Sunday, April 21, 2013
Franz Ferdinand – Humphrey’s Concerts by the Bay, April 15, 2013
During that week in the middle of Coachella, Franz Ferdinand also swung down to San Diego to play a show at Humphrey's Concerts by the Bay.
They played all my favorites—"The Dark of the Matinee," "Walk Away," "Do You Want To," and, of course, "Take Me Out"—as well as a number of newer songs, presumably from a forthcoming album. It felt like the show was mostly older material, but I must confess, I don't know all their songs that well, and a lot of them sound the same to me, so there were likely a number of songs brand new to me but which nevertheless sounded very familiar. Aside from the hits, the highlight of the show was probably when all four members of the band converged on the drum set, each man taking up a pair of sticks to join in on roughly a five-minute drum outro to the night (pre-encore).
The band performed well—the songs sounded almost exactly like the album versions—and Alex Kapranos is probably the most effortlessly cool frontman of any band on the planet. That said, I found myself wishing they had put a little more effort into engaging with the audience. The show felt workmanlike on their part, with not only the songs but also every word spoken between songs written and rehearsed in advance. Kapranos would give a very short speech, for example, along the lines of "I woke up this morning and [blah blah blah]," and then that would inelegantly transition into the opening verse of "Do You Want To." Even the new songs were introduced in similarly cursory fashion (e.g. Kapranos saying, "I feel like I have bullets going through my head," to introduce the song "I'll Never Get Your Bullet Out of My Head").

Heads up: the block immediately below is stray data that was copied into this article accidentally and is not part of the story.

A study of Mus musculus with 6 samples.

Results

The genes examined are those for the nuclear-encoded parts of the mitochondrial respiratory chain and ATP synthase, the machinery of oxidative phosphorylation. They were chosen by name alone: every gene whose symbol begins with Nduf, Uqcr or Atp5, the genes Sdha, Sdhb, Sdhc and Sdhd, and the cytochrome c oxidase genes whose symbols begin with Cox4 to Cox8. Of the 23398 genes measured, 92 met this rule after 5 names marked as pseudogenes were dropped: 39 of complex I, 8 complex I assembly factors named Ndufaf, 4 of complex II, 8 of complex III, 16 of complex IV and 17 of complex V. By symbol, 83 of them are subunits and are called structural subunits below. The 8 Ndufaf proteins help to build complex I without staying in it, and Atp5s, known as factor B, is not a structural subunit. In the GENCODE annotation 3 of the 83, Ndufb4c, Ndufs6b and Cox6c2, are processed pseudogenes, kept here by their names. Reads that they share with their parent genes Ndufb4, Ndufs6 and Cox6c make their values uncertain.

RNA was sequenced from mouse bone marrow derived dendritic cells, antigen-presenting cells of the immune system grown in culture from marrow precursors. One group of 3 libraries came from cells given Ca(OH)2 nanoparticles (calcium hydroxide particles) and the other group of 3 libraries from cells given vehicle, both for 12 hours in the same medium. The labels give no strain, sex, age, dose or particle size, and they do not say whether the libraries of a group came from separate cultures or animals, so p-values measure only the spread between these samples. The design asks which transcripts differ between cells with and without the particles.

Sometimes, between songs, Kapranos would only say, "San Diego, I think I like you."
"That's the third time he's said that," I remarked at one point.
And, each time he felt the need to say it, I felt less convinced that he meant it. The only thing I hate more than these disingenuous shout-outs is when they turn the mic to the crowd and ask us to fill in the chorus, which Kapranos did several times. First of all, I don't go to shows to be flattered into thinking myself a part of the band, or pay money to hear myself sing. Furthermore, it always sounds awful and leaves me feeling insecure over how my city compares in the band's estimation against other cities they've played (even though they probably don't think about it at all).
My companion had seen them play at Coachella just the night before and insisted they had been better, more energetic. Of course, I always love hearing that things got worse upon my arrival!
"They're probably tired," she suggested, making excuses for them, as though this platinum-selling band was somehow unprepared for the touring lifestyle.
"Y'know, it's Monday for me too," I said. "But you don't hear me complaining."
"But it's not Monday for them!" she pointed out. "They worked yesterday. And you are complaining."
I really was in agony, though. I don't think I'll ever attend another standing room, general admission show. At least not on a Monday. My back cannot handle that.